Oscar Fingal O’Flahertie Wills Wilde was an Irish poet and playwright. After writing in different forms throughout the 1880s, he became one of London’s most popular playwrights in the early 1890s. He is best known for his epigrams and plays, his novel The Picture of Dorian Gray, as well as the circumstances of his imprisonment and early death. Take a look below for 30 more fun and interesting facts about Oscar Wilde.
1. Wilde’s parents were successful Anglo-Irish intellectuals in Dublin.
2. He became fluent in French and German early in life.
3. At university, Wilde read Greats. He proved himself to be an outstanding classicist, first a Dublin, then at Oxford.
4. He became known for his involvement in the rising philosophy of aestheticism, led by two of his tutors, Walter Pater and John Ruskin.
5. After university, Wilde moved to London into fashionable cultural and social circles.
6. As a spokesman for aestheticism, he tried his hand at various literary activities. He published a book of poems, lectured in the United States and Canada on the new English Renaissance in Art, and then returned to London where he worked prolifically as a journalist.
7. Known for his biting wit, flamboyant dress and glittering conversational skill, Wilde became one of the best known personalities of his day.
8. At the turn of the 1890s, he refined his ideas about the supremacy of art in a series of dialogues and essays, and incorporated themes of decadence, duplicity and beauty into what would be his only novel, The Picture of Dorian Gray.
9. Oscar Wilder’s childhood sweetheart, Florence Balcombe, married Bram Stoker in 1878, disappointing Oscar because he cherished their two year romance and hoped that it would continue.
10. In 1878, Oscar Wilde won the Newdigate Prize for best English verse composition by an Oxford undergraduate for his poem “Ravenna.”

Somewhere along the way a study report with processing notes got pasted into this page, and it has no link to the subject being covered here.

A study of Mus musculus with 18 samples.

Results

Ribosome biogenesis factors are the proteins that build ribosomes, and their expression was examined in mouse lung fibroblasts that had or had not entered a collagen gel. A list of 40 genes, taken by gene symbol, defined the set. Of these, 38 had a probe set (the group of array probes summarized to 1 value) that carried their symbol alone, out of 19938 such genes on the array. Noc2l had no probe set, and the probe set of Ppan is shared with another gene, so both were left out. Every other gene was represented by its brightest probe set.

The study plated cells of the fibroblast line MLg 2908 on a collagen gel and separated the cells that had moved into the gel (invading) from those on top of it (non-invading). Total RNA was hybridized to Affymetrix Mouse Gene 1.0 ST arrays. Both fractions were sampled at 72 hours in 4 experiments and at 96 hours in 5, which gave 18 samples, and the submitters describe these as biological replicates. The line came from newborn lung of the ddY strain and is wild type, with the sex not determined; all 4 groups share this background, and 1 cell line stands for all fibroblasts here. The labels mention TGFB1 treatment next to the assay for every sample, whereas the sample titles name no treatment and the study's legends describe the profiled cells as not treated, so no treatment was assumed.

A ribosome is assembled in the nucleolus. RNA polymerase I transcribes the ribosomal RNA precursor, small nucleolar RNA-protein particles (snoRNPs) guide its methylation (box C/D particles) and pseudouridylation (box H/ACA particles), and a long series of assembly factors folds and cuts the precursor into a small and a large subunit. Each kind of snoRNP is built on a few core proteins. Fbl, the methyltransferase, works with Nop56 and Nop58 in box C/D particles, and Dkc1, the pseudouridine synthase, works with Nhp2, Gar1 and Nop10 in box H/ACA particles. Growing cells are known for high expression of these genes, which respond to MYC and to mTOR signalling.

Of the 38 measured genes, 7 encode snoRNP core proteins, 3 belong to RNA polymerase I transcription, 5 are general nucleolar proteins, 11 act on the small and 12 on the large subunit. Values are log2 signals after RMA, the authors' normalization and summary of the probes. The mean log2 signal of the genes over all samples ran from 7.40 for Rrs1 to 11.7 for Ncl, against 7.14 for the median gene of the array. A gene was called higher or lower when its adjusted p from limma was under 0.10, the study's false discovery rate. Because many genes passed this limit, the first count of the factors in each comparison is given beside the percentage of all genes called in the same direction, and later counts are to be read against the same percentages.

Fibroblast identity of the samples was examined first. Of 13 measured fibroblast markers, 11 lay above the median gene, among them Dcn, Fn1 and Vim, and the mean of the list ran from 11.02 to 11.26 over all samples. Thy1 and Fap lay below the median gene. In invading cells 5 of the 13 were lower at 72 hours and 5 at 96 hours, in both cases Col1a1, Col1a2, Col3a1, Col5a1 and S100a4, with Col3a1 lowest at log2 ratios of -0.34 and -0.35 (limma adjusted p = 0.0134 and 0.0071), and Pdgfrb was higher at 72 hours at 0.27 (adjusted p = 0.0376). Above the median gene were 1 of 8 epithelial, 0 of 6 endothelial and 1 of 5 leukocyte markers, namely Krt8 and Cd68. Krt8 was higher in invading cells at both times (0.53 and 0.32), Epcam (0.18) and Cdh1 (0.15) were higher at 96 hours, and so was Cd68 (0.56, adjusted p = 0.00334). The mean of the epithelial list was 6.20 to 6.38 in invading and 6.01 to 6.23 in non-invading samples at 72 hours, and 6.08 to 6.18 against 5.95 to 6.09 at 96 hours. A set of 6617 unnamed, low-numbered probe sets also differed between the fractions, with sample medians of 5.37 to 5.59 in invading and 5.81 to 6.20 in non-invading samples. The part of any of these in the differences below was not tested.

11. Following the publication of his book Poems in 1881, Oscar Wilde went on an American lecture tour where he gave 140 lectures in only nine months.
12. While touring in America, Oscar Wilde met many famous literary figures of the time, including Walt Whitman, Oliver Wendell Holmes and Henry Longfellow.
13. Wilde returned to the united Kingdom and continued a lecture tour through England and Ireland, ending in 1884.
14. Wilde’s poetry was written to emphasize the pursuit of beauty for beauty’s sake as opposed to the promotion of a social or political viewpoint.
15. In 1884, he married Constance Lloyd. They had two boys together, Cyril and Vyvyan.
16. Wilde worked as the editor at Lady’s World, a women’s magazine, for two years and expanded its coverage to include women’s issues and not just fashion. His efforts revitalized the magazine.
17. In 1888, Wilde’s book The Happy Prince and Other Tales was published. It was a collection of children’s stories.
18. In 1891, Wilde published two books, an essay collection called Intentions, and his one and only novel titled The Picture of Dorian Gray.
19. In 1891, he opened a play called Lady Windemere’s Fan. Its success encouraged Wilde to focus on writing plays for the next few years.
20. Wilde wrote the plays A Woman of No Importance, An Ideal Husband, and the most famous play of his career in 1895, The Importance of Being Earnest.
21. Due to an affair with the son of the Marquis of Queensberry, Wilde was convicted in 1895 of “gross indecency” and sentenced to two years in jail.
22. Following his prison term, Wilde moved to France as a financially ruined man. He wrote The Ballad of Reading Gaol, a poem, which was the only notable work he completed during the last few years of his life.
23. Wilde died on November 30, 1900. He was 46 years old and died of meningitis.
24. It’s claimed that, while studying at Magdalen College in Oxford, he was famous for his ability to learn long passages of writing by heart and later effortlessly recall them.
25. Although he was fluent in French, German, Italian and Ancient Greek, it’s thought that he couldn’t speak a word of his mother tongue, which was Irish.
26. Wilde’s mother, Jane Wilde, was a lifelong Irish nationalist and wrote poetry for the revolutionary Young Irelanders, while his father, Sir William Wilde, was Queen Victoria’s eye surgeon and was even knighted for it.
27. Two of his half sisters died in a fire. One was dancing close to the fireplace and her dress caught on fire, but when the other one tried to pull it out, they both fell into the fireplace and burned to death.
28. Wilde was one of the first authors at the time that acknowledged the importance of the so-called “Art for Art’s sake” movement and decided to go on tours around North America, giving lectures on aestheticism to perspective young students.
29. He was well known for his flamboyant fashion sense. For example, he would often wear green carnations in his jacket lapel when going out.
30. John Lennon often called Wilde one of his biggest poetic role models and, in fact, Wilde even made it to the cover of The Beatles’ Sgt. Pepper’s Lonely Hearts Club Band album cover.